An Acts Matter Essay by Matthew Domingo
Matthew Domingo of Farm to Fork Events, an Ashland-based company that produces farm dinners and tours, was interviewed by Geoffrey Riley on JPR's Jefferson Exchange recently, and when Domingo told listeners that the cost of a five-course, wine-paired, sit-down dinner and farm tour was $75, a Facebook discussion was launched in which people expressed their views on the cost of buying locally produced food.
One person posted that "Local food is for the rich elite only." Here are paraphrased responses from dozens of people:
• Farm dinners are special experiences such as going to the theater or concert, and not intended as everyday expenses. People could trade their services to attend a farm dinner.
• The cost to produce a farm dinner is high because of the time, effort and money required to source and prepare local food, rent equipment and pay servers and suppliers. Also, donations are made to local organizations that promote farm education and local food use (see list at www.farmtoforkevents.com).
• Small-scale production and organic ingredients are more expensive to produce than commercially grown food.
• Individuals can support local farmers by buying locally grown food at markets or directly from farmers or by joining a CSA.
• Other ways of raising awareness about the local food movement include hosting free gardening workshops in someone's backyard, speaking to students or organizing meals in which locally grown and prepared dishes are passed among friends.
• Farms and organizations offer free educational farm tours and Ashland-based Thrive (541-488-7272; www.buylocalrogue.org) hosts events such as barn dances with $5 lunches and a $20 farm tour and lunch.
• Food made from locally grown ingredients is available at casual dining spots, some food trucks and food carts.
An Acts Matter Essay By Matthew Domingo
As a chef, family farms' advocate and food and wine event organizer, I frequently hear a question that both frustrates and motivates me: "Is local food elitist?"
In my experience, there are a multitude of ways to consider and respond to this question. There's the argument that if you eat with the seasons and take advantages of times of surplus, the prices of local produce and conventional produce are not that different. As a chef, I've found this to be mostly true.
There's also the argument that points to misguided governmental food subsidies (built into the Farm Bill) as the cause of the price discrepancies between locally grown goods and the cheaper processed goods that are ubiquitous in the American supermarket. In my opinion, this is a huge underlying issue that has yet to be properly addressed by Congress.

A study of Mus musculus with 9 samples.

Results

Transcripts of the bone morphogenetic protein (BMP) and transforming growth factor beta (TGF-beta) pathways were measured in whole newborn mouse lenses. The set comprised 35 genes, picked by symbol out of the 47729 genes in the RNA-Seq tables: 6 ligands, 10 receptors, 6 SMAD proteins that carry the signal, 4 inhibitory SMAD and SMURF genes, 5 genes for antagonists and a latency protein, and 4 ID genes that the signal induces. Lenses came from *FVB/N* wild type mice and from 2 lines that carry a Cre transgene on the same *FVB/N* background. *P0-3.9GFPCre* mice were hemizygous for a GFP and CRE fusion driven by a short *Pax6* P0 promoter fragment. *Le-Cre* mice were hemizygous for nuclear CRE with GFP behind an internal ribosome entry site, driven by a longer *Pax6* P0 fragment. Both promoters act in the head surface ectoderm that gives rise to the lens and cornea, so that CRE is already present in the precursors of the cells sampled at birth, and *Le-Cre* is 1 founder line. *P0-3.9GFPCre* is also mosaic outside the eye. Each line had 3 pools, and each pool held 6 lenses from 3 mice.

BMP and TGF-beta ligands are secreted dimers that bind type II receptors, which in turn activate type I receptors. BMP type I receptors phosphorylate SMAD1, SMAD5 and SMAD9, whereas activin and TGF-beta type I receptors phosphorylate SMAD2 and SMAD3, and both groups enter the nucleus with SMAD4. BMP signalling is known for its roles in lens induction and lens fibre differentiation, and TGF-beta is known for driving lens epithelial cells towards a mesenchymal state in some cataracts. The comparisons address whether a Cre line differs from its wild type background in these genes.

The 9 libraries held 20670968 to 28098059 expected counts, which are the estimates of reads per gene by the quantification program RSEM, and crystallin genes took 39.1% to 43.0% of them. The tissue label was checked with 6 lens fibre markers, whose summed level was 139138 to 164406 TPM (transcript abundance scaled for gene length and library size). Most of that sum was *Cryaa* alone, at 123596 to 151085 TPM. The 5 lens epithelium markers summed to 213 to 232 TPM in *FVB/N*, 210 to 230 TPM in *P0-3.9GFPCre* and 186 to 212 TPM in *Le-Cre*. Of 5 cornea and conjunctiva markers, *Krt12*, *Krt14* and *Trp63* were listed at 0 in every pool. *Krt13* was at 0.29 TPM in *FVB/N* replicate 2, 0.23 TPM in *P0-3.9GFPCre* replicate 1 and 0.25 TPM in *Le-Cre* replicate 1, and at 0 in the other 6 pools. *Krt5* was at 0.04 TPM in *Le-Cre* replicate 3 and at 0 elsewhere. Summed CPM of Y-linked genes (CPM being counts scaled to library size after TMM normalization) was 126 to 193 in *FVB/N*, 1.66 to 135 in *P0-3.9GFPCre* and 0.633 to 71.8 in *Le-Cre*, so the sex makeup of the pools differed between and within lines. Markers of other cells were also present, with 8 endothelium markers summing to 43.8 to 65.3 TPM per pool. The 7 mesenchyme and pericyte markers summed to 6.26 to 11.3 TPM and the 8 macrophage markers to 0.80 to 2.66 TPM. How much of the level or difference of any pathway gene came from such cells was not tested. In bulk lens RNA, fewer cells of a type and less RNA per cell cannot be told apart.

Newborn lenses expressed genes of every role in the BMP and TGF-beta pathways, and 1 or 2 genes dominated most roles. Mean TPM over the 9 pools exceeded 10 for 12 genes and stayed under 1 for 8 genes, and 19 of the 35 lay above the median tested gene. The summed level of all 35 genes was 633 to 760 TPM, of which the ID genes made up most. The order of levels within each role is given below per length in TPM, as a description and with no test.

One can go on and on, talking about things like lack of infrastructure and distribution options for locally grown products or the "local-food multiplier," which shows that dollars spent on local businesses circulate in the community and benefit more businesses and employees.
But despite all of these compelling arguments, for me, the answer to the elitist question is very simple, and it all comes back to the idea of community. I challenge anyone who believes that local food is elitist to meet farmers in our community. Visit their farm and see their operation. Ask them about their methods and their motivations. Ask them about their families and their own day-to-day concerns. Ask them about their profit margins.
Then compare all of that to your own circumstances and ask yourself the question, "Is this local farmer any different than I am?"
I believe that anyone who engages honestly in this exercise will realize that local food and local farmers are the antithesis of elitist. These people are engaging in a noble and revolutionary endeavor. They are working in concert with the land and the elements, feeding people good, clean food, and creating a sustainable future for our local communities. They are heroes in my book.
Matthew Domingo is the founder and director of Farm to Fork Event Co., an organization that creates unique food and wine events intended to engage Oregon's communities in the local food movement. He lives in Ashland with his wife and partner, Erin Daugherty.
Acts Matter is a series of essays written by community members about issues in Ashland.